Sen. Boxer Makes Clear U.S. Won't Pass a Climate Bill This Year


Sen. Barbara Boxer, chair of the Environment and Public Works (EPW) Committee, released her "Principles for Global Warming Legislation” at a press conference today. But her remarks contained the real news -- no chance of climate legislation be enacted into law this year.

Greenwire (subs. req'd) reports:

"Copenhagen is December,” Sen. Barbara Boxer (D-CA) told reporters. "That's why I said we'll have a bill out of this committee by then.”

… Boxer added that she could move to mark up legislation quickly given her committee's large Democratic majority, but she would wait for now to build up support.

So Boxer's goal is to have an EPW bill by December. Then, of course, it has to go through Senate debate, get modified, and actually pass. And then, of course, it must be reconciled with the bill that comes from the House led by Energy and Commerce Chairman Henry Waxman (D-CA):

"When it comes to these bills, we're going to write our own bill, and he's going to write his own bill,” Boxer said of Waxman. "And we'll see where it goes. As far as coordinating and having exact legislation, we haven't decided.”

So reconciliation will probably not be easy nor fast, especially since this is a key point in the process for team Obama to weigh in. And then the final bill must pass both the House and Senate again, which will be yet another challenge, especially if the Senate bill borrows provisions from the presumably tougher House bill.

This timetable should be no surprise to CP readers. As I've said for a while, Obama should realize a 2009 bill is not possible, make lemon out of lemonade, and use this year to build domestic support for the bill, take strong actions on energy and climate that don't require congressional approval, and engage in high-level climate negotiations with China (see "Obama can get a better climate bill in 2010. Here's how.” and "Does a serious bill need action from China?").

As for Boxer's Principles, there is nothing terribly surprising here, although I think she overestimates how much of the auction revenues are likely to be available for her various desired purposes:

1. Reduce emissions to levels guided by science to avoid dangerous global warming.

2. Set short and long term emissions targets that are certain and enforceable, with periodic review of the climate science and adjustments to targets and policies as necessary to meet emissions reduction targets.

3. Ensure that state and local entities continue pioneering efforts to address global warming.

4. Establish a transparent and accountable market-based system that efficiently reduces carbon emissions.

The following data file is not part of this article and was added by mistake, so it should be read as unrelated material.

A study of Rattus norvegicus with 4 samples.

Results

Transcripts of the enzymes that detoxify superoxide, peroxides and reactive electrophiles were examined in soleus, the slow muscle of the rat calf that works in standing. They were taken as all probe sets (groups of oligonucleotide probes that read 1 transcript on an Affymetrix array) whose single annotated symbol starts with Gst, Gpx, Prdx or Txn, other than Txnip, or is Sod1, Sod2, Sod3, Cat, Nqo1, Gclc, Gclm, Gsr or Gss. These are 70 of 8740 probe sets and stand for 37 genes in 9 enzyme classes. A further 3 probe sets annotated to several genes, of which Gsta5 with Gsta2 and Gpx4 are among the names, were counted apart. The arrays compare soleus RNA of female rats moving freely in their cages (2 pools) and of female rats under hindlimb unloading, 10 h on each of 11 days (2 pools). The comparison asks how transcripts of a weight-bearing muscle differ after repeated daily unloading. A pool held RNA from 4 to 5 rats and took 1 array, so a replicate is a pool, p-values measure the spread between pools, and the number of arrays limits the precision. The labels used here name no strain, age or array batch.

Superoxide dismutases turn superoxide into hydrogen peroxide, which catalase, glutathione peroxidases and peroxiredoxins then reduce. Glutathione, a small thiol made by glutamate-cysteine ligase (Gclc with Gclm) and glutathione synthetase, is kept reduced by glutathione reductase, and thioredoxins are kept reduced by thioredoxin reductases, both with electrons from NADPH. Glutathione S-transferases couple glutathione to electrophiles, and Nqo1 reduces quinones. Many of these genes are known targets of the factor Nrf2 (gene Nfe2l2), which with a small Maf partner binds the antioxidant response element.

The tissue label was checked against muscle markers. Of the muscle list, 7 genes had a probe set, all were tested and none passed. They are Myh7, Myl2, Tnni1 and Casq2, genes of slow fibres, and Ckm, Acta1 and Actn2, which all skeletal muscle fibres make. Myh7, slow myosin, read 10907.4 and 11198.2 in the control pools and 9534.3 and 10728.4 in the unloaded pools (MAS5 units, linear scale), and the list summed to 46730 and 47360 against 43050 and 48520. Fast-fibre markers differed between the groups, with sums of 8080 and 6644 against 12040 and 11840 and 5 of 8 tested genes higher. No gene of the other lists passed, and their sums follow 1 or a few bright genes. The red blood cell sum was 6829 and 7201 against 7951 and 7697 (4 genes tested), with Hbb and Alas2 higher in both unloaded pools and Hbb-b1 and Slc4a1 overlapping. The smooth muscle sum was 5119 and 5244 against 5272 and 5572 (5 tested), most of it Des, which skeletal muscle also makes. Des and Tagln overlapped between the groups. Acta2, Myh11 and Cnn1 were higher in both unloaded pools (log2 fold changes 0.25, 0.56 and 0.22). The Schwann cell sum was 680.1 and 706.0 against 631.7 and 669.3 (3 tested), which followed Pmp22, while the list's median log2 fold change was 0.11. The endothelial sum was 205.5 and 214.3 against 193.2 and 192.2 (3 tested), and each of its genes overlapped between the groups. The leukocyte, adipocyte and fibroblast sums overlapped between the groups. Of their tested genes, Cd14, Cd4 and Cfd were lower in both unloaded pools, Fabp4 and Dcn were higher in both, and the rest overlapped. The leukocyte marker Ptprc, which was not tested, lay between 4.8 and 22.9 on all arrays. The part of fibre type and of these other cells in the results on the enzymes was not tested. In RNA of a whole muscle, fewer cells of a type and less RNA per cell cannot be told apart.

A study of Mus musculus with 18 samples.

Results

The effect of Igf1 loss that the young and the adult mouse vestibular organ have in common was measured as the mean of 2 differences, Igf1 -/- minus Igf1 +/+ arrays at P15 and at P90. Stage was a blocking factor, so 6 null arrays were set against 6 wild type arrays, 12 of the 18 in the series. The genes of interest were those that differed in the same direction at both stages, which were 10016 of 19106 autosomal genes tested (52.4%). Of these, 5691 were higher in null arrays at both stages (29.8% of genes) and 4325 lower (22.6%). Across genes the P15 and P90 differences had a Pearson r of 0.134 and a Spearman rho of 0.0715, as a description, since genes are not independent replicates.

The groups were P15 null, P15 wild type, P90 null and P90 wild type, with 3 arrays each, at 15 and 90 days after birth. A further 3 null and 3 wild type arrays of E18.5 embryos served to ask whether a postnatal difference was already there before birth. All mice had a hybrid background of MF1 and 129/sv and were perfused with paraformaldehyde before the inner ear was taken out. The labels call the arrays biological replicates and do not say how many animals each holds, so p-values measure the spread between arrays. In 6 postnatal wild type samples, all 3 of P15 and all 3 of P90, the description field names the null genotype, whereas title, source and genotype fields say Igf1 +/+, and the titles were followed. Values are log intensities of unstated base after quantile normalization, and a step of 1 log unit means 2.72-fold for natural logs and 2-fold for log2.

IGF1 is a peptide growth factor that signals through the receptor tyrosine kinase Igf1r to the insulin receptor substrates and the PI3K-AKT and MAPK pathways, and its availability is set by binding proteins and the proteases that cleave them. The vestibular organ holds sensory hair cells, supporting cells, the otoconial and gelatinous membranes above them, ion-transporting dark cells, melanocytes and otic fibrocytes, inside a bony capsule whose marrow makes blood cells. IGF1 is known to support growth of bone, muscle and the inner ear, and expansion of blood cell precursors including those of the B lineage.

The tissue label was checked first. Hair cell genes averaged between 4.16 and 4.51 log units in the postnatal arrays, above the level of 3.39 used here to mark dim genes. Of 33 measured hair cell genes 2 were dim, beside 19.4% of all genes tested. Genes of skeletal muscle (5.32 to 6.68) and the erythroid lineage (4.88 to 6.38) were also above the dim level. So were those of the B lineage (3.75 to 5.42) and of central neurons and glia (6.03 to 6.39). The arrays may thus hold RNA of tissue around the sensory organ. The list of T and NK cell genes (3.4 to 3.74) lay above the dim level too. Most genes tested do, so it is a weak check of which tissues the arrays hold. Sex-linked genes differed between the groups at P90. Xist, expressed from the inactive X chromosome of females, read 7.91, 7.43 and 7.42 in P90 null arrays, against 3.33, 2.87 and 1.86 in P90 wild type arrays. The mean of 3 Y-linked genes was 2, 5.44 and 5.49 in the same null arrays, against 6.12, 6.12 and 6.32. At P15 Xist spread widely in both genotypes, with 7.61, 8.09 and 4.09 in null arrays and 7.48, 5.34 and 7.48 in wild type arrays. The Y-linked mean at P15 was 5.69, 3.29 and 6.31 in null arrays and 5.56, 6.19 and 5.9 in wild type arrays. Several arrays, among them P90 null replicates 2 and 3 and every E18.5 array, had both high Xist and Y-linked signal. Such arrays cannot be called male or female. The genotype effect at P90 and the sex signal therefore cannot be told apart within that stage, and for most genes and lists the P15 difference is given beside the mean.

5. Use revenues from the carbon market to:

- Keep consumers whole as our nation transitions to clean energy;

- Invest in clean energy technologies and energy efficiency measures;

- Assist states, localities and tribes in addressing and adapting to global warming impacts;

- Assist workers, businesses and communities, including manufacturing states, in the transition to a clean energy economy;

- Support efforts to conserve wildlife and natural systems threatened by global warming; and

-Work with the international community, including faith leaders, to provide support to developing nations in responding and adapting to global warming. In addition to other benefits, these actions will help avoid the threats to international stability and national security posed by global warming.

6. Ensure a level global playing field, by providing incentives for emission reductions and effective deterrents so that countries contribute their fair share to the international effort to combat global warming.

As a matter of politics, I believe the vast majority of the revenues from the auction will need to be returned to taxpayers -- that is to say, the vast middle class. I think at least 60% to 80% needs to be refunded to start with, rising to 80% to 90% within 10 years. Otherwise conservative opponents will simply attack this entire effort as a tax (see "Is 450 ppm politically possible? Part 6: What the Boxer-Lieberman-Warner bill debate tells us"). Yes, they'll do so anyway, but if the bottom of three to four quintiles are made whole, the argument can be refuted.

It is also a tad surprising that she did not mention cost containment provisions, including rip-offsets, that so haunted her first attempt (see "Boxer-Lieberman-Warner bill update: Probably no U.S. CO2 emissions cut until after 2025"). Needless to say, any significant number of rip-offsets would be utterly at odds with principle number one -- "Reduce emissions to levels guided by science to avoid dangerous global warming” (see "Is 450 ppm politically possible? Part 8: The U.S. needs a tougher 2020 GHG emissions target").